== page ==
Council of Ministers spokesman Keo Remy dismisses rumours concerning an alleged International Republican Institute survey at a press conference at the Ministry of Foreign Affairs
Council of Ministers spokesman Keo Remy dismisses rumours concerning an alleged International Republican Institute survey at a press conference at the Ministry of Foreign Affairs. PHA LINA

Hoax survey ‘evil’, govt says

The government yesterday vehemently decried the results of a fake survey circulated on social media that predicted a sizeable opposition victory in the upcoming national elections, calling on authorities to find and prosecute those responsible for its creation.

Council of Ministers spokesman Keo Remy, speaking at a televised press conference, called on citizens and investors alike to “remain calm”, and assured viewers that the survey – which was falsely attributed to the International Republican Institute — was indeed a hoax perpetrated by an unnamed political party.

“The Cambodian government would like to appeal to all the voters to remain calm, and not to surrender to the evil trick of that one political party, because Jessica Keegan, president of the IRI, on July 15 wrote an email to the Council of Ministers denying the survey was conducted by the IRI,” said Remy, who declined to say which party was allegedly behind the hoax.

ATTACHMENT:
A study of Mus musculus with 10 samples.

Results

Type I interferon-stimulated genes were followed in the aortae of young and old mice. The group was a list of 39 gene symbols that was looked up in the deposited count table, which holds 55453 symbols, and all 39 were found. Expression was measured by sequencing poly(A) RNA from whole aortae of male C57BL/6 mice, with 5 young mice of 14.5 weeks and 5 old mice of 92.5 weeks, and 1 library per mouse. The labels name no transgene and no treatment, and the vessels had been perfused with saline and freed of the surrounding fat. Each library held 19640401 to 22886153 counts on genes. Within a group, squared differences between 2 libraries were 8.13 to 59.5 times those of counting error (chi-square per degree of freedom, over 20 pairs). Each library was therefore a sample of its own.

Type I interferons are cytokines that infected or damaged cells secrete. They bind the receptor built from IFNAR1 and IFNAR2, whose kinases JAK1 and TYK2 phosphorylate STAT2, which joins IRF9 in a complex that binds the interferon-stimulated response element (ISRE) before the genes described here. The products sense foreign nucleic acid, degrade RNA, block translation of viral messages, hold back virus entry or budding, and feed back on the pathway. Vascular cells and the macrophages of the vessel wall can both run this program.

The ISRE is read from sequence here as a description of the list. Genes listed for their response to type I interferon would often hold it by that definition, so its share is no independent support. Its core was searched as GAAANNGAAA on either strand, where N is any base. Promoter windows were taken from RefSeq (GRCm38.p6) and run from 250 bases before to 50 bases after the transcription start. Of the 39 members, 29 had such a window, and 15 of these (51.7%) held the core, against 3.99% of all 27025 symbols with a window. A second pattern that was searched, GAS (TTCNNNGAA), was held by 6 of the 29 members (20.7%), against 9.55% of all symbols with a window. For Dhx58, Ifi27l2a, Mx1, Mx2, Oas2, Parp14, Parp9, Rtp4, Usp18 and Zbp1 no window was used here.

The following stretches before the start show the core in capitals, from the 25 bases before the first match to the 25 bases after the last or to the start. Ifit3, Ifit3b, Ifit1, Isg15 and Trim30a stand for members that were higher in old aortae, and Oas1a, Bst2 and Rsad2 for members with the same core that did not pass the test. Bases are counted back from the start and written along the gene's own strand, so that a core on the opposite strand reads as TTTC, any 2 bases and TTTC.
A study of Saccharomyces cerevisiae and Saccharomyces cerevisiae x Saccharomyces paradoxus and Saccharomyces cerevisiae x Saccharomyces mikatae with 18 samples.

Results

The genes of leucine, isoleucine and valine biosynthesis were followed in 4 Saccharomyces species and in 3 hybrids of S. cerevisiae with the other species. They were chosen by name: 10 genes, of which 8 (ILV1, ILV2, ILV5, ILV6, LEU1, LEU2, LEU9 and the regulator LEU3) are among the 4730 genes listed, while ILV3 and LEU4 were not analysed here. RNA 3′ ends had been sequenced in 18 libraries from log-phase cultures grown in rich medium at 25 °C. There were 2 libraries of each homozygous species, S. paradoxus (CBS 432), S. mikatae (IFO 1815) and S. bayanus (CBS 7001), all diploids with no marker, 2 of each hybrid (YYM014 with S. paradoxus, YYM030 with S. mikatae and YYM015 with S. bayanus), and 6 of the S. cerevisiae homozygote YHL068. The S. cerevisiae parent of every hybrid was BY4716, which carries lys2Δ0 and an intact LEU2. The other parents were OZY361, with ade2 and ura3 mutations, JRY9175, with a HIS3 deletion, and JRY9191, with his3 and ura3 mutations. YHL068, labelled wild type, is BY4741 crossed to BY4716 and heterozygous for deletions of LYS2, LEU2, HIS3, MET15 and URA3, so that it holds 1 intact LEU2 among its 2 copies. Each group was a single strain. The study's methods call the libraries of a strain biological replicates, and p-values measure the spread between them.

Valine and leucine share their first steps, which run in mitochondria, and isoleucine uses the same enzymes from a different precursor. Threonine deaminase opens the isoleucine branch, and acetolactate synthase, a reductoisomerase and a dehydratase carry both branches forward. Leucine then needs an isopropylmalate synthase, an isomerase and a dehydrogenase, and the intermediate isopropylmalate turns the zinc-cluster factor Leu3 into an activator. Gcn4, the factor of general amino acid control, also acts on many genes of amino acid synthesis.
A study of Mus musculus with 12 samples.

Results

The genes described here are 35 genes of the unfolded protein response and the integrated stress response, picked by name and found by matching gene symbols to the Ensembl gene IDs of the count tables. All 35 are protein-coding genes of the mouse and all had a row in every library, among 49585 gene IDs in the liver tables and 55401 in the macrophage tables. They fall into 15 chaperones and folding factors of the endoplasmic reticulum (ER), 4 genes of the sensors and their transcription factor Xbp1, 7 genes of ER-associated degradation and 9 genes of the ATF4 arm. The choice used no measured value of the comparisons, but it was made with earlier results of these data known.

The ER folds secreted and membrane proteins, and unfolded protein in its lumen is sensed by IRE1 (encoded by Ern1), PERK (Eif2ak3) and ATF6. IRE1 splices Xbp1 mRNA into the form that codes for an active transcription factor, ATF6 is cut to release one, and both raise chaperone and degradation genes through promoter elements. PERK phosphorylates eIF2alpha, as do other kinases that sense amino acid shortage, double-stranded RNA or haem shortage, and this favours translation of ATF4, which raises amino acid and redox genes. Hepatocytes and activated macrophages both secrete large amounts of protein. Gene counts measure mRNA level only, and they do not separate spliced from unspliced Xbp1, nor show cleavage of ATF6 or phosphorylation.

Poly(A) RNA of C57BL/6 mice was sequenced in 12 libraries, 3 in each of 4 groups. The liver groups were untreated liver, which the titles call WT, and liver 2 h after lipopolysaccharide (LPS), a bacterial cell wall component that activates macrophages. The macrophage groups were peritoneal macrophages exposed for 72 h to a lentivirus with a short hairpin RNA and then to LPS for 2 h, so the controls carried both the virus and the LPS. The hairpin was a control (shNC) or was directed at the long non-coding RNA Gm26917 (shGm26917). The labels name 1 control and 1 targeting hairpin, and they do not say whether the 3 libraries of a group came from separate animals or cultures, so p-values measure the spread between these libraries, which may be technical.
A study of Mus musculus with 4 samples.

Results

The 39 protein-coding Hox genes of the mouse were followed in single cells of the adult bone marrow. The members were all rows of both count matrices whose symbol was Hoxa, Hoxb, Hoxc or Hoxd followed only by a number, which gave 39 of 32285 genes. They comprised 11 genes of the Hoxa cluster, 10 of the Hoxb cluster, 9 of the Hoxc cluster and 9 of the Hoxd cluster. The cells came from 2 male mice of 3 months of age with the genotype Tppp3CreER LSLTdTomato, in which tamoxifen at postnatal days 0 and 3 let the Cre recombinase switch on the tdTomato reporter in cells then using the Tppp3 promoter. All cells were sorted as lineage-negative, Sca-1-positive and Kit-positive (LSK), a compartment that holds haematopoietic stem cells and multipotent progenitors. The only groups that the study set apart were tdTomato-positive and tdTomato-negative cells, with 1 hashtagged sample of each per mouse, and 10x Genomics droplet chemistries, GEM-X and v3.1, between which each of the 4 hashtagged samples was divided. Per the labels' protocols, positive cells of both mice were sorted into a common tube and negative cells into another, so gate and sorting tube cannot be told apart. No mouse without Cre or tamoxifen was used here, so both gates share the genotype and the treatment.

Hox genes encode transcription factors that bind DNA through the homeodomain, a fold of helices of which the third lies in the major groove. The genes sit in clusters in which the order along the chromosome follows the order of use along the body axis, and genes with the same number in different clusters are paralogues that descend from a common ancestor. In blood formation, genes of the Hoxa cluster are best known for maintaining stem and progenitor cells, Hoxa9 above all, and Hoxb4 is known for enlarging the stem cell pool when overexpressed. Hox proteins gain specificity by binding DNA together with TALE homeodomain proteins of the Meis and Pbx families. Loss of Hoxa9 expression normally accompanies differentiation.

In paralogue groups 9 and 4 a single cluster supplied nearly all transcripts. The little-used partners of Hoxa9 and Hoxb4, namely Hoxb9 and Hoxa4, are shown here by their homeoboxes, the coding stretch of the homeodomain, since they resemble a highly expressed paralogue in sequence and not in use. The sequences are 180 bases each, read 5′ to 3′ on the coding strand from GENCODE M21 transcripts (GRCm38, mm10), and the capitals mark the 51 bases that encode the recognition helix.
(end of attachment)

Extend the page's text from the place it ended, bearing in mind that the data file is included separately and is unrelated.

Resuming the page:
The IRI confirmed to the Post on Tuesday that they had nothing to do with the “survey”.

Remy added that the government would prosecute the perpetrators of the hoax — under unspecified charges — unless they handed themselves over to authorities, in which case, they “will receive a reward” from the government.

The fake survey consisted of a single page, province-by-province breakdown of votes predicted to be cast for the Cambodia National Rescue Party and the ruling Cambodian People’s Party. All told, the survey predicted a comfortable victory for the opposition, with 54 per cent of the vote, compared to the ruling party’s 46 per cent.

In a statement issued yesterday, the Press and Quick Reaction Unit had similarly harsh words for the prank, which it attributed to “evil elements who are activists and propagandists of a political party”.

“This utmost despicable act of this evil group has been undermining the election process expected to be free, transparent and especially just and fair,” the statement read. “On the other hand, this evil and despicable trick aimed at misleading the public has jeopardised social stability, caused insecurity, affected economic and financial situation which is currently very healthy and it would as well bring about social unrest.”